Where you read it first | Friday, June 21, 2024

TUPIT hosts event with formerly incarcerated members of Tufts Education Reentry Network


The Tufts University Prison Initiative of Tisch College (TUPIT) recently hosted an event that invited formerly incarcerated members of the Tufts Education Reentry Network (MyTERN) to speak about their experiences in and out of prison. The speakers, who are currently seeking education through MyTERN, discussed questions ranging from the difficulty of reentry to how important education and programs like MyTERN are to facilitate these processes. They are quoted anonymously to respect and protect their privacy. 

Hilary Binda, senior lecturer and founding director for TUPIT, explained that this event is impactful because it not only provides a platform for the formerly incarcerated to speak about their experiences, but it also offers an educational opportunity for those unfamiliar with these experiences.

“The word 'barrier' doesn’t even begin to touch the complexity [and] difficulty of living after prison, not to mention in prison," Binda said. "[For] those of us who, like myself, haven’t been incarcerated … we learn from educators [and] teachers who are people who do have this experience."

Financial stability is one of the many aspects of reentry that was touched upon. One speaker discussed the difficulty of finding a stable source of income following incarceration due to the accessibility of criminal records, such as the Criminal Offender Record Information (CORI). 

“It is a battle," they said. "That CORI follows you to work ... it's a major blockade to trying to move forward ... it takes one person to find out about my CORI ... and I lose that job."

Many speakers explained how they have turned toward mentorship within their communities, through anything from coaching youth football to helping restorative justice nonprofits.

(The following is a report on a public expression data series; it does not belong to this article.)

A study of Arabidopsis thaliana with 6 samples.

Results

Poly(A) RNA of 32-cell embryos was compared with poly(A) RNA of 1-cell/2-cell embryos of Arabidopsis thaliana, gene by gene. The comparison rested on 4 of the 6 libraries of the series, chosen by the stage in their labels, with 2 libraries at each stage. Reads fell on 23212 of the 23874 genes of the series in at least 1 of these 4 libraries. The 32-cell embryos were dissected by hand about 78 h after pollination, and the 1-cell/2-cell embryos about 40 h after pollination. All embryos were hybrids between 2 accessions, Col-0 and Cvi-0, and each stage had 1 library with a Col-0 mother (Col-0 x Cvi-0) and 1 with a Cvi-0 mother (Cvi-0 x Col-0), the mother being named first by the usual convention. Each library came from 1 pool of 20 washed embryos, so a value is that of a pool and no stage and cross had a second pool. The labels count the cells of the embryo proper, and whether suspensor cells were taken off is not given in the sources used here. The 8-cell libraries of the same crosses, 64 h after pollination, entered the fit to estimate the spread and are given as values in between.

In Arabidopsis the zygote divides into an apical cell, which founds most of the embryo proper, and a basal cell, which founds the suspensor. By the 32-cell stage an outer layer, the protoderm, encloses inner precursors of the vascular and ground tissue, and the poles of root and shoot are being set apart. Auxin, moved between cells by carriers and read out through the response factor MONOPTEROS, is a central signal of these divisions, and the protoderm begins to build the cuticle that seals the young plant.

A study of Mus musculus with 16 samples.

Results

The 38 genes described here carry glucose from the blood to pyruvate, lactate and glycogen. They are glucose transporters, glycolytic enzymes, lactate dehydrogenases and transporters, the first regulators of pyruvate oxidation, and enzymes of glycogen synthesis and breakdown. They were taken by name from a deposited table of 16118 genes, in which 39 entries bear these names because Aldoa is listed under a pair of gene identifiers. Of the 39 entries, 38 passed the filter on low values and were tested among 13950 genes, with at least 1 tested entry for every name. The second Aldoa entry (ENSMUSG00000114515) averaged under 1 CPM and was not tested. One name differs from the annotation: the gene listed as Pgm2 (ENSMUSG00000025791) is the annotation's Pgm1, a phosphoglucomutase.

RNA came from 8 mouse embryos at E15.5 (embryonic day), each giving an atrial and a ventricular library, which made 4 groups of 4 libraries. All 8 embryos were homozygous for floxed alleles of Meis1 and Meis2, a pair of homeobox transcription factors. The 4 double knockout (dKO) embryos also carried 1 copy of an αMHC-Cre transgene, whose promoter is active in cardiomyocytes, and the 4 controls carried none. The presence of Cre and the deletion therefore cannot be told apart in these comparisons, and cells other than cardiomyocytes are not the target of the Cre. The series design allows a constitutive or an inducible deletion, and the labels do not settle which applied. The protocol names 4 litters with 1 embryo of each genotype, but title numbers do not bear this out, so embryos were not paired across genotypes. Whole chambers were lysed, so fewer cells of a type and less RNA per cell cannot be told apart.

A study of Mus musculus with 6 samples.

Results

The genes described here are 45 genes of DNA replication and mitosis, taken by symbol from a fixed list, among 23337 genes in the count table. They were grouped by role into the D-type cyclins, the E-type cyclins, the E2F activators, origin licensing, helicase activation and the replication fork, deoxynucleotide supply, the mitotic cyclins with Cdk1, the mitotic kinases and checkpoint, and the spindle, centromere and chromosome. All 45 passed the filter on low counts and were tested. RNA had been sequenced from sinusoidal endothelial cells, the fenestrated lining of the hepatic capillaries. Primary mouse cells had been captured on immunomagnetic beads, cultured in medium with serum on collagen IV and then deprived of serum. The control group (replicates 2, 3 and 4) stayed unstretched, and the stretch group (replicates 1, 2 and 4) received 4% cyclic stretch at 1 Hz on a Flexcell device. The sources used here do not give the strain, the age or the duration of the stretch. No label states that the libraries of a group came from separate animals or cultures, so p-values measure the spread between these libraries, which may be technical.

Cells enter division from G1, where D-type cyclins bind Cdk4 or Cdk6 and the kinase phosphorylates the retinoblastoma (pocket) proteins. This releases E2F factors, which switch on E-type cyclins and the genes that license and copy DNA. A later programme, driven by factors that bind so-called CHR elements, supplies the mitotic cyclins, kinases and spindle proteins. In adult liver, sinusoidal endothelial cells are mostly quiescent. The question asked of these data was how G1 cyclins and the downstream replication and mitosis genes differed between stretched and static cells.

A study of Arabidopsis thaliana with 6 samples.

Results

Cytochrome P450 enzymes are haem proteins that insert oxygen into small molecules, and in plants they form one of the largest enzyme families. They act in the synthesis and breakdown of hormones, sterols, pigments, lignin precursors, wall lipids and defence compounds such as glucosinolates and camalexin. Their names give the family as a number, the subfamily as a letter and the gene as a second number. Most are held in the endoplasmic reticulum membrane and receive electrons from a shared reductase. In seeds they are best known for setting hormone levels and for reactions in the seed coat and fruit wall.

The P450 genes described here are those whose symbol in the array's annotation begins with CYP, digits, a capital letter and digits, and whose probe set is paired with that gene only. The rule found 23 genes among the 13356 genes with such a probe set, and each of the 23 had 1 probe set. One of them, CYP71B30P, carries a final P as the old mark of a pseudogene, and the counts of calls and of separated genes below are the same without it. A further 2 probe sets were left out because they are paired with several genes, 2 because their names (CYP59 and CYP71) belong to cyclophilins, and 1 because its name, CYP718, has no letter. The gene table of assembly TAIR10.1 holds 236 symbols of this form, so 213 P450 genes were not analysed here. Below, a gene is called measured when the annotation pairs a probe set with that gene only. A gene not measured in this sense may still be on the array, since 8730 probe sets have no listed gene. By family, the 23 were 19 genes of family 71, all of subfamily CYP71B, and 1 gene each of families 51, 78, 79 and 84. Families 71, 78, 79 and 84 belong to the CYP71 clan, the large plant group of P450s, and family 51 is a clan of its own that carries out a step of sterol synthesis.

Speakers also discussed the importance of education as a means to prevent incarceration, and the value of MyTERN. 

“[If] you grow up in the suburbs, you go to school [and] you are taught to excel; as opposed to the inner city, you are taught to fail," another speaker said. "It is the school-to-prison pipeline. ... Education [puts you in a position] to go to Silicon Valley, Wall Street, wherever you want to be ... MyTERN is great because it fosters relationships … the MyTERN community gives you the support that you need.” 

A speaker further revealed that MyTERN assists formerly incarcerated individuals in adjusting to life after imprisonment by building a community of members with shared experiences. 

When you’re in prison, it has these unspoken rules and etiquette," a speaker said. "There’s this negative mindset that you learn in prison ... how [to] survive and live. And then you leave prison and you come home and you are expected to be … what society thinks is 'normal.' ... A program like [MyTERN] … where there’s a community … can almost guarantee lowering the recidivism rates because you are around people who were in prison with you, but you are also around people like the Medford students.”

Many of the speakers acknowledged that their problems take time to deal with and that seeking out the help of MyTERN, therapists, sponsors and support systems around them is the first step toward progress. 

“What gives me hope is the increased visibility … to restorative justice programs that are going on," a speaker said. "It is not like this stuff wasn’t happening, but now people are hearing about it, so that is huge.”

With a strong sense of civil responsibility, engaged members of TUPIT asked a number of questions throughout the event to spark conversations about the prison and legal system. One speaker mentioned raising the juvenile age as a way to limit young offenders.

“How can we raise the juvenile age?" a speaker said. "How can we get it up to maybe 21, and then gradually get it up to 24 … because a lot of people commit crimes between that age [and] they are not fully developed. … Let us give them a chance because usually people age out of crime … [Between 17 and 18] it is one year. Where does it stop? I cannot buy liquor but I can get a natural life sentence … I think a lot of people would love to get into that.”